This week we have had the pleasure of sitting down with TV chef, author, and teacher Ivor Peters aka. The Urban Rajah to find out a bit more about his love affair with food, the story he tells through cooking, and what we can expect on his upcoming Spice Academy class with us, taking place Friday 27th March. Ivor's soulful approach to developing aromatic flavours coupled with his lively charasmatic personality is certain to make his debut class with us a one-of-a-kind experience to remember! Just listening to the description of the dishes he loves has our stomachs rumbling and our taste buds salivating!
And just between you and us, we smell a bromance developing between Ivor and Jeremy- two chefs whose love of food was clearly built into the roots of their family tree.
SOW: Other than hunger of course, what was it that drew you towards cooking and food in the first place? How did you arrive on becoming a chef?
IP: I'm drawn by the idea how food brings people together. It acts as the glue for conversations, parties, gossip, deals...it's a universal language. But what I absolutely love is the stories behind food, how the recipes came into being and the journey behind the food. I've been cooking for years and the transition from home cooking to being a chef was incremental rather than being a Damascene moment.
SOW: Travel seems to be very important to you. On your travels or from your experience what story does Indian food tell? Does this change based on the region it's from?
IP: Travel is the oxygen of inspiration. Travelling around India and tasting food from the various regions is like a history lesson in humanity, it speaks of Mongol incursions, Mughal invasions, Portuguese discoveries, British colonialism, French refinement, Dutch courage, the Jewish diaspora....tasting Indian food is like consuming the past. It's a cuisine that's taken thousands of years to evolve and it's still innovating. Regionally of course everyone has their own way of preparing their classics, from hearty meat based stews in the North to fiery chilli and coconut laced curries in the South.
SOW: What is your favourite family recipe and why? Who was it passed down from and how did it get to you?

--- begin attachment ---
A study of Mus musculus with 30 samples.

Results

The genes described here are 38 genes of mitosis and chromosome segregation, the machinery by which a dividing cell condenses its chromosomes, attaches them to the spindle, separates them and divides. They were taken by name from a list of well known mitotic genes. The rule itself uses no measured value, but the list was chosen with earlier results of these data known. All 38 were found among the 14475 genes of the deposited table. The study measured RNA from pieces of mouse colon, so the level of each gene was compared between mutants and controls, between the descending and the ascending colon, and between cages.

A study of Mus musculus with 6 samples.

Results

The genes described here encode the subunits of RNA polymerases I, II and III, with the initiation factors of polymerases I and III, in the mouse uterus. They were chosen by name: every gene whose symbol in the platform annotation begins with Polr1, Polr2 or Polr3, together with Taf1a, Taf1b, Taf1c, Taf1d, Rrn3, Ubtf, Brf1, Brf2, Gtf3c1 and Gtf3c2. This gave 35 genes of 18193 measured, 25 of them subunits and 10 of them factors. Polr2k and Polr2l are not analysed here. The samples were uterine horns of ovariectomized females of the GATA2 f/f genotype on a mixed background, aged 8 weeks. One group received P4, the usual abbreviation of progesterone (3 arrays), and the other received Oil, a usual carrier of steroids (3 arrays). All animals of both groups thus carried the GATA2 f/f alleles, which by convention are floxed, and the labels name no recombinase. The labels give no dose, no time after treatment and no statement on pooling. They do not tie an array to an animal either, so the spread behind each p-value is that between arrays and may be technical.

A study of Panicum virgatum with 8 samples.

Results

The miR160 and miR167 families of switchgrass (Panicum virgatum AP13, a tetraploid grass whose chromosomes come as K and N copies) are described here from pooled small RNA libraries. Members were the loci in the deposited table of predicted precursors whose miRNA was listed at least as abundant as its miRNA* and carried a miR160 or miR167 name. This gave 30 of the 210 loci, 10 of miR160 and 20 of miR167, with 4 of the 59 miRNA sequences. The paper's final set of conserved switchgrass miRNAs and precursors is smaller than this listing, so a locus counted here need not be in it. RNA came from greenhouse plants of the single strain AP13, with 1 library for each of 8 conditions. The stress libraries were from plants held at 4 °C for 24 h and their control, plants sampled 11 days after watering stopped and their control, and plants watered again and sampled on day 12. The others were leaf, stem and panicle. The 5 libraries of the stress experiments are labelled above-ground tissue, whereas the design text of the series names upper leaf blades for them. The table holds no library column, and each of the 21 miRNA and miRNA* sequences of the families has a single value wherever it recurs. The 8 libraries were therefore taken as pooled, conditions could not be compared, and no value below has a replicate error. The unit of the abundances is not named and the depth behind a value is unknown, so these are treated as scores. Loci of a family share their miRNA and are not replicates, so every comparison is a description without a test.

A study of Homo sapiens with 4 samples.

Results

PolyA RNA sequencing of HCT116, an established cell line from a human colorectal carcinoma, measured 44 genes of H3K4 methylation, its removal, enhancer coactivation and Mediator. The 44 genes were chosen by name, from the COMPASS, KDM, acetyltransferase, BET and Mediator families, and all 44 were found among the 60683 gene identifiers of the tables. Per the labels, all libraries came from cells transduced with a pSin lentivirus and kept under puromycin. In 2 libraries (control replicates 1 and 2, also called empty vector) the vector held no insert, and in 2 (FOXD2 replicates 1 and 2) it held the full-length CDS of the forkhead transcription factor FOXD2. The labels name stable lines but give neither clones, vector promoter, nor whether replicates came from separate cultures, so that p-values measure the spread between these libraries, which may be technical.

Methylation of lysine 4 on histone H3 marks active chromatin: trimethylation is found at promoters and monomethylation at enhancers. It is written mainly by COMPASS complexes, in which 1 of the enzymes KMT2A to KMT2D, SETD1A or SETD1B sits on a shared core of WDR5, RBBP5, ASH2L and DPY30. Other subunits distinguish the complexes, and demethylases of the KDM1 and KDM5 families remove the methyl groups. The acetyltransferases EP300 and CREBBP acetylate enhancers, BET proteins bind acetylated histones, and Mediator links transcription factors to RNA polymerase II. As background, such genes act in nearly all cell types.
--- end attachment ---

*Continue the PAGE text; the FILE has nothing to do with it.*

Ah now that's likely to get me in trouble, favouring one family member over another....are you trying to get me cut out of the family will?!! I am however, really drawn to a recipe inspired by my Uncle Lawrie at the moment - it's a delicate Salmon masala and he's a 'dab' hand at preparing fish (excuse the pun) and it's a dish I've decided to teach at the Spice Academy Masterclass
SOW: What is your best piece of advice for a novice who wants to make an authentic curry at home?
Grind your own garam masala...it's easier than breathing and it'll make an aromatic world of difference. It's a wonderful blend of whole spices, toasted and then blitzed into a wonderfully fine powder and if stored airtight will keep for a few months. I typically add; black and green cardamom, cloves, peppercorns, cinnamon, cumin and fennel seeds to my own garam masala mix.
SOW: What's your middle of the week go-to family dish?
Normally by Wednesday I'm aching for something simple, nutritious and quick to eat, so I'll always have some mixed dal pre-prepared and scoff it with hot chapattis, and I'll usually pair it with some veg that's hanging about like a quick-fire carrot curry partnered with black onion seeds, fresh ginger and garlic and a touch of chilli. I save the heavier more opulent dishes for weekend entertaining!
SOW: Favourite spice or herb?
I'm using a lot of chaat masala at the moment, it's a blend of spices which also uses black salt...it's pungent but it's got secret powers and manages to transform chips, salads, vegetables and dips into amazing taste sensations. The herb I couldn't live without is coriander...it's the most versatile herb on the planet and it's so good for you. Did you know it lowers blood pressure?!
Chef you want to cook with, dead or alive, real or fictional?
That's easy...Jeremy Pang! (*we are blushing now)
Last meal on earth?
Hmm hard one, it'd have to be a 10 course tasting meal as it'd stretch out my time on the planet. It'd definitely include steaming hot chapattis, my mother's meatball and egg curry (may sound weird but it's knockout), my father's Prawn Tang, my Uncle Lawrie's fish biryani, Uncle Stan's Kismet Korma and Uncle Abu's Aloo Ghobi...if my family couldn't be with me physically they'd be present in the food. Oh and I couldn't leave God's green earth without a second helping of pistachio kulfi ice-cream.